The “1963” image above got me thinking about multi-panel pan sequences in comic books and comic strips.
I bought Alan Moore’s “1963” Mystery Incorporated comic book in 1993, and enjoyed it without noticing the above panel. 1963 is Moore’s homage to (and parody of) the early 1960s Marvel Comics created mostly by Stan Lee, Jack Kirby and Steve Ditko. These comics included the beginnings of various costumed heroes that are now all over, including on movie screens. The big early 60s Marvel debuts include Spiderman, the Fantastic Four, Hulk, Iron Man, X-men and many others.
I started reading comics in the early 1970s. I got hooked and started collecting these 1960s editions – sometimes originals, sometimes reprints. The 1960s comics were fun, and certainly imprinted themselves on my mind. Re-reading them today… eh… some are ok – especially Jack Kirby’s visuals, but mostly they now seem pretty juvenile. A lot hinges on pretty flimsy plotting, characters aren’t particularly nuanced (especially bad: females and villains.) The comics seem like the results of monthly deadline pressures that result in more-or-less rehashing the rock-em-sock-em battles that sold well the month before.
Much later, in the mid-1980s, Alan Moore shows up and re-invents the comic book. Moore is a comics genius, whom I’ve written about elsewhere (start here and here.) His 1963 books are both a parody of and a celebration of early 1960s Marvel Comics. He later similarly plays with early DC comics in his Supreme comics.
The above panel came to my attention when I was cruising some Alan Moore annotations on-line. Early 1960s Marvel Comics didn’t really utilize what I am now calling the “multi-panel pan sequence” where a given scene (generally a background) spills across multiple panels.
Alan Moore is using this technique very deliberately (hmmm… for folks in the know, that sentence is about as necessary as a Stan Lee “MEANWHILE” caption.) The multi-panel sequence is out of place in a 1963 comic… and that’s because the masked character (sorry, kind of a tiny spoiler) turns out to a 1990s comic character who is time-traveling back to the 1960s. Yeah, that’s not deep, probably more silly than deep, but it got me thinking about how comics visual vocabulary is changing over time.
The multi-panel pan sequence is a visual story-telling trick that’s unique to comics. Only in comics are there sequential panels, borders, and gutters (the white space between), so there’s no, say, cinematic or musical equivalent.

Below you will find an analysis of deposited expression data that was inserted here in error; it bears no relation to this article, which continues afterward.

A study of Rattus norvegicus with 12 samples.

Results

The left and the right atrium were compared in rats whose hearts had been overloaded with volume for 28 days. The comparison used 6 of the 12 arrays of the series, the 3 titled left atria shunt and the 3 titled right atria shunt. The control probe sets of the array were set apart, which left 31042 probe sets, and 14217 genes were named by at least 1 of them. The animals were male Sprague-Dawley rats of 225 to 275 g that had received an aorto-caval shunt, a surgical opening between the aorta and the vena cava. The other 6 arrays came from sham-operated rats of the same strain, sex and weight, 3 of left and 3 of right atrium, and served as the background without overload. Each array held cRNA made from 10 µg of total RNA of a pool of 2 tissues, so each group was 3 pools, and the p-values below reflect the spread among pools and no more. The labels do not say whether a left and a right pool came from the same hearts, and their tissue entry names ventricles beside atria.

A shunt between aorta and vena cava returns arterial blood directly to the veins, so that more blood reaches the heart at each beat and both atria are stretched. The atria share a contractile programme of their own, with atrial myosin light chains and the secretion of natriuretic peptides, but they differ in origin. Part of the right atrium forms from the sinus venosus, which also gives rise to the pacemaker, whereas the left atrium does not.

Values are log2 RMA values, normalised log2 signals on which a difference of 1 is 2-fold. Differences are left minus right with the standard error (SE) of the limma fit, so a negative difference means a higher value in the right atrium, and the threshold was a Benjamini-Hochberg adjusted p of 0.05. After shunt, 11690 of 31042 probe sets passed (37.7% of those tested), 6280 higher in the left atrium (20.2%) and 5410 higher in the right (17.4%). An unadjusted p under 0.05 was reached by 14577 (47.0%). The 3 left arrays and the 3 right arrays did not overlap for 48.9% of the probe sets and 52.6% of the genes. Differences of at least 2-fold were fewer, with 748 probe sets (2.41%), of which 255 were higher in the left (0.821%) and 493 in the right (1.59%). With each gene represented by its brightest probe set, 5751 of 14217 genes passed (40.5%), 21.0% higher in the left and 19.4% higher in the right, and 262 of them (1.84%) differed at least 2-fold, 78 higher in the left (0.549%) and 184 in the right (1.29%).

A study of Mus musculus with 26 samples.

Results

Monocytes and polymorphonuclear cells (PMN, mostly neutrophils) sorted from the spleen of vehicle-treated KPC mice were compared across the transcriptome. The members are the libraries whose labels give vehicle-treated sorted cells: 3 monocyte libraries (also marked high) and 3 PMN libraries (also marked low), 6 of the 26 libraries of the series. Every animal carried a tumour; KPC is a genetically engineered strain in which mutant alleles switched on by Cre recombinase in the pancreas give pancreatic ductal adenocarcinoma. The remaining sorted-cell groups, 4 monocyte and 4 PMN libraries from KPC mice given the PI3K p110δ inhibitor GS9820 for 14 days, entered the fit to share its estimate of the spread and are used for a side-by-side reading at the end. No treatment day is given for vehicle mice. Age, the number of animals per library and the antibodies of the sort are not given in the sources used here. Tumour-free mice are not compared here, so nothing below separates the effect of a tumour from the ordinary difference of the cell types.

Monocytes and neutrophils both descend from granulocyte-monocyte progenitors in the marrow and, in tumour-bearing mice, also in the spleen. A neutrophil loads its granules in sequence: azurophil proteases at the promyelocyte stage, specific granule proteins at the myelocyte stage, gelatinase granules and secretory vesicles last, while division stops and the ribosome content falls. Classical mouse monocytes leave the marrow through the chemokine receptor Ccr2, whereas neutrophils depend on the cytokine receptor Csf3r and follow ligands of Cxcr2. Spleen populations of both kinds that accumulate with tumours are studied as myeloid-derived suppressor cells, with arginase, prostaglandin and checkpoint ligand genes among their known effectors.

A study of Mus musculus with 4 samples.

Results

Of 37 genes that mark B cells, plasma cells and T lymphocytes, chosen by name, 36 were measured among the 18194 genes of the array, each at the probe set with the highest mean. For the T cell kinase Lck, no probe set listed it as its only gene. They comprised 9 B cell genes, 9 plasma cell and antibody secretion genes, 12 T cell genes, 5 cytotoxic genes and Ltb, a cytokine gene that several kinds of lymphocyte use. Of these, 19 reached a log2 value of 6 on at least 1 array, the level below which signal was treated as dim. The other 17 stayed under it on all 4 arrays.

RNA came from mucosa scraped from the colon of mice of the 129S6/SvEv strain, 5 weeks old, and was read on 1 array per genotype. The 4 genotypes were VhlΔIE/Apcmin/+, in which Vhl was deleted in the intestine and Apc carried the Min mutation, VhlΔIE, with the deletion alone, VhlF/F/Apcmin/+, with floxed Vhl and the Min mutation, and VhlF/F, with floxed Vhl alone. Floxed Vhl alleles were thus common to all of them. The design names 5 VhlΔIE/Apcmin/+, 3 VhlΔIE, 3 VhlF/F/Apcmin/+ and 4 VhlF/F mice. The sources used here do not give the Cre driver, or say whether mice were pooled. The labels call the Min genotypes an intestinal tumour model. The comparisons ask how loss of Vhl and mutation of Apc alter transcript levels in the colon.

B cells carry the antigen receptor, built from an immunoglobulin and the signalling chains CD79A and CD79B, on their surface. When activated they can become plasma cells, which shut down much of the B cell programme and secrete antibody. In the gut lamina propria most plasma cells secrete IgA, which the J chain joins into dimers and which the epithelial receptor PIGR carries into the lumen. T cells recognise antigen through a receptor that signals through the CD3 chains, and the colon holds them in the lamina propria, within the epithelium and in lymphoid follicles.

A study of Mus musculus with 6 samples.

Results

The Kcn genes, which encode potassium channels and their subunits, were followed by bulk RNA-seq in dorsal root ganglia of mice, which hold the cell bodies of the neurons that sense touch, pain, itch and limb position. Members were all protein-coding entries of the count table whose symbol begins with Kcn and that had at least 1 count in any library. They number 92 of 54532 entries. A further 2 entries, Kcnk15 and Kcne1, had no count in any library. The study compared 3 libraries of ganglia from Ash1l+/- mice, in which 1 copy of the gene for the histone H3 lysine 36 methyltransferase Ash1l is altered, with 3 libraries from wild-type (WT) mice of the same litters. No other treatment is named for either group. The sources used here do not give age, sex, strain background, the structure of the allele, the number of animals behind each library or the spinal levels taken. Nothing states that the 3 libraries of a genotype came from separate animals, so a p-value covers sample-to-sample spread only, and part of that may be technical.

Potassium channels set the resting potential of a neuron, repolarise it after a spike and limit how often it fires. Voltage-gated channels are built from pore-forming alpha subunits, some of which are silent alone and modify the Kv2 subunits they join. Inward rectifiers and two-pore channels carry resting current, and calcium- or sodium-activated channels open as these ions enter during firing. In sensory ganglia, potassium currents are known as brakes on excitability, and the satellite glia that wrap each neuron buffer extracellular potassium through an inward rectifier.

Around 1974, when I first started reading and collecting comics, these multi-panel pans were uncommon. By around 1990, when I mostly transitioned from mostly super-hero comics to mostly adult-alternative comics, these sorts of multi-panel pans were not quite everywhere, but much more common, pretty much to the point of being over-used gratuitously, in my opinion. Some excellent comic artists don’t use them at all; these include, to my knowledge, Jack Kirby and Gil Kane. Some very inventive comic artists don’t use them all; these include Howard Chaykin and Bill Sienkiewicz. Some of my favorite 60s/70s comic artists use them really well; these include Paul Gulacy, Neal Adams, and Jim Steranko. Some of my favorite contemporary comic creators use them incredibly well; I am thinking of Craig Thompson, Darwyn Cooke, and Alan Moore.
This got me thinking: where did these start? How did they catch on? Who influenced whom? Were there conditions that fostered this – such as unique artist-writer collaborations?
So… I started to spot these sequences and collect them. It’s a work in progress, not encyclopedic, and not intended to be ultra-comprehensive – I have created a web page that indexes them and shows examples in date order. So far the earliest is from 1906… and they’re continuing to pour out. I will continue to keep an eye out for these and post examples that I think are instructive. I’ve already got a backlog of examples awaiting my scanning and posting… and I will try to post some ideas on how these emerged and changed over time.